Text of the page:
India - Rajasthan - Ranakpur Tourism

Ranakpur Tourism

Ranakpur is located 98 Km from Udaipur, named after Rana Kumbha, is one of the five main holy places of the Jains.

Jain Temple Ranakpur*Its 500 years old temples are unique in their style & design, with no other place in Rajasthan having the same ambience and setting as that of Ranakpur.

*The most famous is the Chaumukha Temple sprawling over 48,000 sq.ft with 29 halls, 80 domes & 1,444 distinctively carved pillars.

*Another temple worth visiting is the Sun Temple having polygonal walls with impressive carvings of warriors, horses & splendid chariots.


¤ Ranakpur- A Jain pilgrimage Center

The Jain community and their temple building activities were always patronized by the ruling Mewar dynasty. Dhanna Shah, the founder of the temples at Ranakpur, had approached Rana Kumbha to ask for some land to build a temple. The Rana gladly agreed on one condition that the temple should bear his name. Hence the temple site on the banks of the river Maghai came to be known as Ranakpur and is one of the five main holy places of the Jains. The temples are over 500 years old but well preserved. It is really hard to decide who surpasses the other in beauty – the temples or the town. No other place in Rajasthan has the same ambience and setting as that of Ranakpur whose beauty has been emphasized by its isolation.


Quick bytes

Distance :
98km from Udaipur, 25km southwest of Kumbhalgarh
Climate:
Max 42°C and Min 22°C in summer, 20°C and 10.6°C in winter
Rainfal :
55cm
Best Season :
Light Tropical in summer; light Woollen in winter
Languages :
English, Hindi, Rajasthani


¤ The Temple Artistry

The temples in Ranakpur are quite unique in style and design. The ceilings of the temples are carved with fine, lace-like foliate scrollwork and geometric patterns. The domes are carved in concentric bands and the brackets connecting the base of the dome with the top are covered with figures of deities.

The 15th century Adishwar temple or the Chaumaukha temple built by Sheth Dhanna Shah is a fine structure. It is in the form of a Nalinigulm Vimana (heavenly aircraft) that Shah had seen in his dream. Designed by Dipa Shilpi it took 65 years (1367-1432) to erect and is the largest and most complex Jain temple in India. It also boasts of being one of the five most important holy shrines of the Jains.


¤ The Temple Foundation

The foundation of the temple was so made that three storeys with their several pavilions could be accommodated on the temple base itself. It is built on a high plinth, and has high boundary walls that’ll remind you of the fortified temple cities. Beautiful turrets rise from this wall and each of them relates to a cell on the inner face of the wall. Five spires (shikars) rise above the walls and about 20 cupolas each form the roof of a pillared hall. Each spire again has a shrine below, the largest and the most prominent is the one that surmounts the central altar.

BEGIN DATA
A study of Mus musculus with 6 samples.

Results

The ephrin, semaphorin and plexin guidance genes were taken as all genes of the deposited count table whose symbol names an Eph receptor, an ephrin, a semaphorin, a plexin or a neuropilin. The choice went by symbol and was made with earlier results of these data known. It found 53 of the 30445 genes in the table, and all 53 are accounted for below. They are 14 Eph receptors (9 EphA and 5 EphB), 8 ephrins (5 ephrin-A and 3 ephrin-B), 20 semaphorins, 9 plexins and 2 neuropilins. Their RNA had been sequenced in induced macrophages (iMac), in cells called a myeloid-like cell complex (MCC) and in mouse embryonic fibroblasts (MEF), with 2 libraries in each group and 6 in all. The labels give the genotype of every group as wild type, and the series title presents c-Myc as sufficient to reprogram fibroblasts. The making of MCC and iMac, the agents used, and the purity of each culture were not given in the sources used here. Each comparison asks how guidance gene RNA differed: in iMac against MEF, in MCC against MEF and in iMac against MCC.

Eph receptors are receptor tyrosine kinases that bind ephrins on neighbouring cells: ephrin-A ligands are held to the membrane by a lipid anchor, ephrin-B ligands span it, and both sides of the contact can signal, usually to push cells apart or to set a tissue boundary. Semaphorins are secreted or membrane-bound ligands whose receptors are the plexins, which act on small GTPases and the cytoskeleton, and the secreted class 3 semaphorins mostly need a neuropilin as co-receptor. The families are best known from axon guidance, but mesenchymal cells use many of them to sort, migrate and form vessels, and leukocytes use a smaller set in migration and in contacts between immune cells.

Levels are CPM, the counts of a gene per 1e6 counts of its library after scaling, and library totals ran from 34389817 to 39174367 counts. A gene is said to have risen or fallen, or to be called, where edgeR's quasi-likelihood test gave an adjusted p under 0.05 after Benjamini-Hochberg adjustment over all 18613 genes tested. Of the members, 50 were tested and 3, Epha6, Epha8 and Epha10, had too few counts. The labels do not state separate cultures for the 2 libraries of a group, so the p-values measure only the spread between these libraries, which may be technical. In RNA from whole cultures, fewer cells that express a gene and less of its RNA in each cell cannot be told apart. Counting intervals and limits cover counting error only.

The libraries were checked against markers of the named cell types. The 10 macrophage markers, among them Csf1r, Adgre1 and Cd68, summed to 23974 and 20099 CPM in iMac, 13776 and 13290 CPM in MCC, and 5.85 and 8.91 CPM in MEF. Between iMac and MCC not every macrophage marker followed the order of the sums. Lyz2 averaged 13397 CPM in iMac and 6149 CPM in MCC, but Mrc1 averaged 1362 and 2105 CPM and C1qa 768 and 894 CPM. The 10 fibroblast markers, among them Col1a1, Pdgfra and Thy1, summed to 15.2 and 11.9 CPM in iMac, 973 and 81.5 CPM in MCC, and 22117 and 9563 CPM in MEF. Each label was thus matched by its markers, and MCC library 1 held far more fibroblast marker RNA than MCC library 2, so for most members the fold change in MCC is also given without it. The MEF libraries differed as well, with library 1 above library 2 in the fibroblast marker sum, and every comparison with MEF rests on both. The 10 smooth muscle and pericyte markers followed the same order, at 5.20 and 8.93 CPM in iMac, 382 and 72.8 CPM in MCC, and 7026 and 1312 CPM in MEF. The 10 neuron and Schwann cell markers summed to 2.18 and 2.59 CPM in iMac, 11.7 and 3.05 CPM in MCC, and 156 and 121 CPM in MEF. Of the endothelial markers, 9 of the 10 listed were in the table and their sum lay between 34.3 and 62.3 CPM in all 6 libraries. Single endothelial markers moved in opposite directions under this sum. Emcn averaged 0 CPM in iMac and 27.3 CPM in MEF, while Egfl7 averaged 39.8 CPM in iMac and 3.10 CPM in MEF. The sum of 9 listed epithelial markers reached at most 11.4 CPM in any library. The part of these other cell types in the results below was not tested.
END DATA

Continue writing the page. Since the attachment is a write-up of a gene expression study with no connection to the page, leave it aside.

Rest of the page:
¤ Temple Attractions

The temple has 29 halls, 80 domes and the pavilions include 1444 pillars, each of them so intricately and artistically carved that they’ll leave a lasting impression on you. The figures of dancing goddesses, beautifully engraved on these pillars are an absolute architectural wonder. The best feature about these pillars is that no two pillars are alike in design and sculptures. Not only the pillars but almost every surface is carved with great intricacy. As you go from one chamber to another you’ll realize that it does not conform to the traditional longitudinal plan as of Indian temples but follows a cruciformed one. This plan has four separate entrances, one on each side. Each of these then lead through a series of columned halls to a central arena and the sanctum which has the four faced white marble image of Lord Adinath. The first Jain saint Adinathji or Rishabhadev is surrounded by several other smaller shrines and domes. These are in turn surrounded by a Bhamati or range of cells for images, each of which has a roof of its own. Architects are of the opinion that this is probably one of the most complicated and extensive Jain temples in India and also the most complete for Jain sectarian rituals. The temple covers almost 48,000 sq ft with 29 halls and is also said to have 84 underground cells.


¤ Parshvanath Temple

The marble temple of Parshvanath, built in the mid-15th century lies quite near the Adishwar temple. It is also known as Patriyon ka Mandir and has a black stone image in its shrine. The altar with a compound tower borders the main sanctum on a stepped plan. Much of the temple has survived the onslaughts of time and weather including its Jain figures, attendant maidens and couples on the exterior walls. This temple is best known for its pierced stone windows with ornamental designs.


¤ Other Temple Attractions

Close to the Parshvanath temple there are two other temples, one dedicated to the 22nd saint Neminath and the other to Surya, the Sun God. The Surya Narain temple, built during the mid-15th century, has a tower over the altar and follows a circular plan due to its numerous wall projections. The base of the tower has small protruding nichés. The adjacent sanctum is laid out on an octagonal plan and has six protruding porches. The idol of the Sun God is really an artistic wonder. The temple is embellished with friezes of Surya (the Sun God) in his chariot drawn by seven horses.


¤ Ranakpur Temples- Marvels of Wonder

The Archaeological Department has excavates some fort ruins near these temples which might someday throw some light on the town of Ranakpur. The famed antiquarian Ferguson has described the Ranakpur temples as "I know of no other building in India, of the same class, that leaves so pleasing an impression or affords so many hints for the graceful arrangements of columns in an interior."